Angkor Wat May Owe Its Existence to an Engineering Catastrophe
by Joshua Rapp Learn/Smithsonianmag.com
The empire controlled much of mainland Southeast Asia by the beginning of the 10th century A.D., but unclear rules of succession combined with a complicated web of royal family intermarriages led to a crisis. Jayavarman IV, a grandson of a previous king, contested the rule of the leaders in Angkor, the traditional seat of power.
In the 920s, he set up a new capital at Koh Ker, about 75 miles to the northeast. Koh Ker flourished until 944 when Jayavarman IV’s son and successor was killed, and the next Khmer king moved the capital back to Angkor.
“It’s a very interesting period in Angkorian history where it looks like you’ve got serious competition for rulership,” says Miriam Stark, director of the Center for Southeast Asian Studies at the University of Hawai’i at Mānoa.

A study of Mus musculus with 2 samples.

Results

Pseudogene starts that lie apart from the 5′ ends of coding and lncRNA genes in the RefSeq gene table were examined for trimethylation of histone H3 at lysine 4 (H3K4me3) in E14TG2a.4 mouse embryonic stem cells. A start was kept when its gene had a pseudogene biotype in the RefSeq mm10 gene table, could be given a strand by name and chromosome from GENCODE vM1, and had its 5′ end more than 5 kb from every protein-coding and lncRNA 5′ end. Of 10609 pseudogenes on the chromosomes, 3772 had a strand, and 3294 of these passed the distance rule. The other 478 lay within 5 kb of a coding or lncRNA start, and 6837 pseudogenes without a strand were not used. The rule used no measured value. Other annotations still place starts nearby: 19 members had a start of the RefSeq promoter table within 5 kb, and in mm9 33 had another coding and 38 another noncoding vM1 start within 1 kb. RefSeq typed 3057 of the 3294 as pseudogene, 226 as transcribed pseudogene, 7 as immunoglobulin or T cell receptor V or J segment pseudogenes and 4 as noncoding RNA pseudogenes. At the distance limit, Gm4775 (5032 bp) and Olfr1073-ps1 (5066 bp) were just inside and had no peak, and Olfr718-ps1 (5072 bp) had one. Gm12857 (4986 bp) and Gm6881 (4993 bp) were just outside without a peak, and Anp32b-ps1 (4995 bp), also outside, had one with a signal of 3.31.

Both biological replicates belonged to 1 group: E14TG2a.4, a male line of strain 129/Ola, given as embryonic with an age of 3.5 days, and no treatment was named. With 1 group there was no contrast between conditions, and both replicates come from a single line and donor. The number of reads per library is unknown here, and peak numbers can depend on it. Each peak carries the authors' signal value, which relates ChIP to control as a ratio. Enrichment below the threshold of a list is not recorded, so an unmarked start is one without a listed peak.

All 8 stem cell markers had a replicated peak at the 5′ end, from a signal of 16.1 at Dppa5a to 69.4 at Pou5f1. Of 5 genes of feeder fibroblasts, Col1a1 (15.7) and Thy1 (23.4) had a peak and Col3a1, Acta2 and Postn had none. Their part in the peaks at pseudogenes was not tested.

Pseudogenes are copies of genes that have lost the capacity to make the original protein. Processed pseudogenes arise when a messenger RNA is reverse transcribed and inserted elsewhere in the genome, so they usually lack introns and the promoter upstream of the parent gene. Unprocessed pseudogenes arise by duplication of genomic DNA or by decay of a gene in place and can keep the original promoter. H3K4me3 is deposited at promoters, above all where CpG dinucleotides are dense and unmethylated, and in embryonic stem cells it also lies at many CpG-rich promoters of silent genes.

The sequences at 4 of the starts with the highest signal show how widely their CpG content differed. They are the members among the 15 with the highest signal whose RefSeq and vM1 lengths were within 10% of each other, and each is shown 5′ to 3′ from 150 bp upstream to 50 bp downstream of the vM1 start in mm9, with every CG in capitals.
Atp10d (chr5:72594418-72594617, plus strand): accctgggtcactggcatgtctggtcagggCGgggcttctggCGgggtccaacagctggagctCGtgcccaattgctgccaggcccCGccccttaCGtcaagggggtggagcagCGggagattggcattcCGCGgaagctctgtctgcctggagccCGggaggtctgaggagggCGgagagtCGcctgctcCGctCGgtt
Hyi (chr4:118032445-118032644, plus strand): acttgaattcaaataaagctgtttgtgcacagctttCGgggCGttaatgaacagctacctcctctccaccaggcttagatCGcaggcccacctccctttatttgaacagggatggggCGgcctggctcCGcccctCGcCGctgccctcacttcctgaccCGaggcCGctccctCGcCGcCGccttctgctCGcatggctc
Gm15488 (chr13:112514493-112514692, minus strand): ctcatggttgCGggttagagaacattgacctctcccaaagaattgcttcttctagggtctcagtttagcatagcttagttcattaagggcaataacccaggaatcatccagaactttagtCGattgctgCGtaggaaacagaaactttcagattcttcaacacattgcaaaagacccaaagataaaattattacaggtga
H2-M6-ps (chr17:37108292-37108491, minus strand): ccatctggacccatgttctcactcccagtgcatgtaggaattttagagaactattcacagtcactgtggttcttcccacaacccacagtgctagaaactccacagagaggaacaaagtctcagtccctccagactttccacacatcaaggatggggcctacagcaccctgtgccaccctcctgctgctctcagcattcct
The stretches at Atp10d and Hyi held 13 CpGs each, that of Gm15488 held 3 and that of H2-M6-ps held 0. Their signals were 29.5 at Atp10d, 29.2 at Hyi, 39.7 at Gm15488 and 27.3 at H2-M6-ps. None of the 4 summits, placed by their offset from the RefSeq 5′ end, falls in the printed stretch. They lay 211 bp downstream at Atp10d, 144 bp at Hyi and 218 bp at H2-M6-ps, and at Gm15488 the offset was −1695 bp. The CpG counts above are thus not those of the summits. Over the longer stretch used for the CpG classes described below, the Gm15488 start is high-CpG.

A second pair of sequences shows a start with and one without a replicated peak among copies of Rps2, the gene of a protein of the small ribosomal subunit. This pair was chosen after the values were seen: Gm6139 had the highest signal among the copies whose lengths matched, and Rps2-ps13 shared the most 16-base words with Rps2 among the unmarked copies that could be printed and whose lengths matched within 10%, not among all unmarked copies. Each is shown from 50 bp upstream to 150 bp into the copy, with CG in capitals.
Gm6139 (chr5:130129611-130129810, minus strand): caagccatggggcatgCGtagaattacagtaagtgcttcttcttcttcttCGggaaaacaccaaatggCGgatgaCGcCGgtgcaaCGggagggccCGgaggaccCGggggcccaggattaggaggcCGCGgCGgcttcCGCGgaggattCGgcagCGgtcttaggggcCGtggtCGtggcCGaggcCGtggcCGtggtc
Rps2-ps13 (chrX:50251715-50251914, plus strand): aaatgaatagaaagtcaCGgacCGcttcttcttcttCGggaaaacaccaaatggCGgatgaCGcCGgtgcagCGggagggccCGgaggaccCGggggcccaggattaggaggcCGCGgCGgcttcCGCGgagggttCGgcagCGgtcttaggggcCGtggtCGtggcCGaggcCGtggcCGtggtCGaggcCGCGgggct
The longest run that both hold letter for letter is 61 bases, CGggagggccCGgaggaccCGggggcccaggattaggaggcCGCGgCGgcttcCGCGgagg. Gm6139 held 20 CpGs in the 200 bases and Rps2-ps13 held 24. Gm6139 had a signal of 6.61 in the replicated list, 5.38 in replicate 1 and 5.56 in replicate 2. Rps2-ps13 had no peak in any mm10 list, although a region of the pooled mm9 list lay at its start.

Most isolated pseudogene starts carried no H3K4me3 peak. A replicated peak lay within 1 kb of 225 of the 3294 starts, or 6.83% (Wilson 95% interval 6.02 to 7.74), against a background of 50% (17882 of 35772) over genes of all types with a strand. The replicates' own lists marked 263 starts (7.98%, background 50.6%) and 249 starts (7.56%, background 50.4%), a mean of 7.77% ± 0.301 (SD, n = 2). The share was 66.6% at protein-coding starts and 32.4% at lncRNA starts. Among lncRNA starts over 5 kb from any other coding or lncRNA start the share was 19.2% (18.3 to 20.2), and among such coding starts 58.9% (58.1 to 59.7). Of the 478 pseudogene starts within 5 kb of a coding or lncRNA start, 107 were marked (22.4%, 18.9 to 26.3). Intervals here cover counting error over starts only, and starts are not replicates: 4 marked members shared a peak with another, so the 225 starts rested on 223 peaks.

Without this turmoil at the new capital and a move back to Angkor, the grand treasures of Southeast Asia—such as the astounding Angkor Wat and jungle-eaten Ta Prohm—may never have been built in subsequent centuries.
Now, a new study published recently in the journal Geoarchaeology shows that there was more than political intrigue at play. A water reservoir critical for large-scale agriculture in the Koh Ker …
Carol graduated from Riverside White Cross School of Nursing in Columbus, Ohio and received her diploma as a registered nurse. She attended Bowling Green State University where she received a Bachelor of Arts Degree in History and Literature. She attended the University of Toledo, College of Nursing, and received a Master’s of Nursing Science Degree as an Educator.
She has traveled extensively, is a photographer, and writes on medical issues. Carol has three children RJ, Katherine, and Stephen – one daughter-in-law; Katie – two granddaughters; Isabella Marianna and Zoe Olivia – and one grandson, Alexander Paul. She also shares her life with her husband Gordon Duff, many cats, and two rescues.